Q: I am just getting into business as a travel advisor and am in the process of setting up my own company that will be hosted by another agency. What are the most important steps I should take to avoid trouble with clients, suppliers and government authorities?
A: You are part of a wave of self-employed new entrants into the industry. All of you need sound legal advice to avoid liability, as the travel business is inherently risky.
First, establish your business as a corporation or limited liability company (LLC) under the laws of your state, and become an employee of your company. Even if, as is common, you have been operating so far as a sole proprietor, it is not too late to take this step.
Follow your state's required formalities to maintain the validity of your company, such as adopting bylaws and filing annual reports. Keep your personal finances separate from those of your company and sign contacts in the company's name.
Taking these steps will help protect your personal assets from judgment creditors of your company as well as reduce your chances of being audited by the IRS if you file a separate business tax return. You will also appear more professional in the eyes of suppliers when you contract in your corporation or LLC's name.
Second, take steps to avoid being the victim of credit card fraud by clients, which is unfortunately all too common. If a supplier or host holds you responsible for a charge back, you generally have no defense if your contract imposes such liability on you. Your host may deduct the funds from your commission split, and in extreme cases, the host and supplier may stop doing business with you.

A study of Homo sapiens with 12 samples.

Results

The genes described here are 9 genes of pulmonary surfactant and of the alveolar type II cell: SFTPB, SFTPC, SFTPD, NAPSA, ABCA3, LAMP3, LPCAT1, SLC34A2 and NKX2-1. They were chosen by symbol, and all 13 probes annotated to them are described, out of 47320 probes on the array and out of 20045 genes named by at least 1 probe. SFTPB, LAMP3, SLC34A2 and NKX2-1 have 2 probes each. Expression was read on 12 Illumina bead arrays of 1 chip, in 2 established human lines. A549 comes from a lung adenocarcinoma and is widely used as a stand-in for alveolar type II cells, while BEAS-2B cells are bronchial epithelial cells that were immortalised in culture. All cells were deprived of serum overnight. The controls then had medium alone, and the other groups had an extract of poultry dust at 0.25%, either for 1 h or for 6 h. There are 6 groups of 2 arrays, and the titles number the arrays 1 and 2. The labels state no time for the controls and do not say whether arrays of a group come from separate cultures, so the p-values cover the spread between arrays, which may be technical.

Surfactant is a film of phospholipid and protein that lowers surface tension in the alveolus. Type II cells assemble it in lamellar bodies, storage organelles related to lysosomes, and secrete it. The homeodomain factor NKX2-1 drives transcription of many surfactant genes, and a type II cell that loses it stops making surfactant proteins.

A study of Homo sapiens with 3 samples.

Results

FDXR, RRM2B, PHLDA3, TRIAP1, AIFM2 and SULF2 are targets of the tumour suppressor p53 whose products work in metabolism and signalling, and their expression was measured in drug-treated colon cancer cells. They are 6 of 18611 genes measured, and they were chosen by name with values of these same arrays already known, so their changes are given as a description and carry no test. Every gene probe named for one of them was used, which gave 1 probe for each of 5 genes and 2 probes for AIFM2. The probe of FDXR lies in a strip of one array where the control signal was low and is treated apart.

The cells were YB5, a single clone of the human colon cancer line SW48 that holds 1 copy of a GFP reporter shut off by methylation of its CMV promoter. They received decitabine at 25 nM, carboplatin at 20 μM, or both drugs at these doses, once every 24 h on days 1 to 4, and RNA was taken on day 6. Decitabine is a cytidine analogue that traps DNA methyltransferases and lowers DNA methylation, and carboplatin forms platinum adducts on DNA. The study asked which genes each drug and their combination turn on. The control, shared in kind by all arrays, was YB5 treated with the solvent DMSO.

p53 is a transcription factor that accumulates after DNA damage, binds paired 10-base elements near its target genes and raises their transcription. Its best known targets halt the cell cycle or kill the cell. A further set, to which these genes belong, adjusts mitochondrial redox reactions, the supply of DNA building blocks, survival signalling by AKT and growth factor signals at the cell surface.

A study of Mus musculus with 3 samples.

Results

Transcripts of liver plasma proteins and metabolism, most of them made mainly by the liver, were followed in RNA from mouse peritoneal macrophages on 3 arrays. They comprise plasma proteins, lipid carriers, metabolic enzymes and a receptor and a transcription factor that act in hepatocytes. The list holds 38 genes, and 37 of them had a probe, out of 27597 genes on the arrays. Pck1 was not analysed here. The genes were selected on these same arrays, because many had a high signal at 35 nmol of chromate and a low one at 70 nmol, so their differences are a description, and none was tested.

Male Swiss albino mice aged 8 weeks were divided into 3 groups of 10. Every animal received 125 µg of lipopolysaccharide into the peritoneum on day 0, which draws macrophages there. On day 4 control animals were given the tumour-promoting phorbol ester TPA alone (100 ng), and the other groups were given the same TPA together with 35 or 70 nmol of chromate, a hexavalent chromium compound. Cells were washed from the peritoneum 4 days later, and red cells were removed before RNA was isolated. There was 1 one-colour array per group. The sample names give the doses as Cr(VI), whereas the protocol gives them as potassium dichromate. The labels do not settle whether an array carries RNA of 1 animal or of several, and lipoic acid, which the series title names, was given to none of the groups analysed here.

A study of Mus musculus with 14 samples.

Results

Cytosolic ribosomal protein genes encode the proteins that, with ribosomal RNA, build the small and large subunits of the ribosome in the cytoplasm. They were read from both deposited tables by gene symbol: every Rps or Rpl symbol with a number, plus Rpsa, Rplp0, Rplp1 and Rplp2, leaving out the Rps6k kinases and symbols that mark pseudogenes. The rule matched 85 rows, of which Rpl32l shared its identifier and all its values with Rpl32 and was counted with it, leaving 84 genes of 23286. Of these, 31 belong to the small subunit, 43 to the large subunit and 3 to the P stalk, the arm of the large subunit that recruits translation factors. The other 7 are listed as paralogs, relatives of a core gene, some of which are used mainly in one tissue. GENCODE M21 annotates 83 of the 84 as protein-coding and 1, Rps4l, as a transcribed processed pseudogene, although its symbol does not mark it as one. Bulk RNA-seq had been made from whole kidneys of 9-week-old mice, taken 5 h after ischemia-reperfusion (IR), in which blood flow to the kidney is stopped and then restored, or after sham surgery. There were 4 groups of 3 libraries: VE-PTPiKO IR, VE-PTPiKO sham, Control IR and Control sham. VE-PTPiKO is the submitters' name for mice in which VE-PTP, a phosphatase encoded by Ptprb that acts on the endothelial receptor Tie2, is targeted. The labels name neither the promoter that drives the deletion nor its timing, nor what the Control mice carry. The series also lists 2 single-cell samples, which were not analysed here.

The best fraud-avoidance practices are found on ARC's website, and they are relevant even if you don't have your own ARC appointment. Go to www.arccorp.com and search "red flags."
Third, consider getting errors and omissions (E&O) insurance, which you may be able to purchase or get through your host. Although such insurance does not cover most things that get you into trouble, such as being victimized by credit card fraud, it will cover your legal fees, which could run into tens of thousands of dollars or more if you get sued for negligent advice.
Fourth, comply with the Seller of Travel registration laws of the states where your customers are located. There are five states with such laws: California, Florida, Hawaii, Iowa and Washington. As a hosted advisor, you may be exempt from registration, but you need to be certain.
Fifth -- and this is something you will hear only from me -- avoid booking on public websites. Use only the GDS or websites sanctioned by your host.
The trouble with public websites is that their terms and conditions make you waive your legal rights, and you bind your client to them by booking on the website for your client.
Sixth and most importantly, adopt a disclaimer for client's signature, your invoice/itinerary or your email signature. Models are available at www.pestronk.com/free.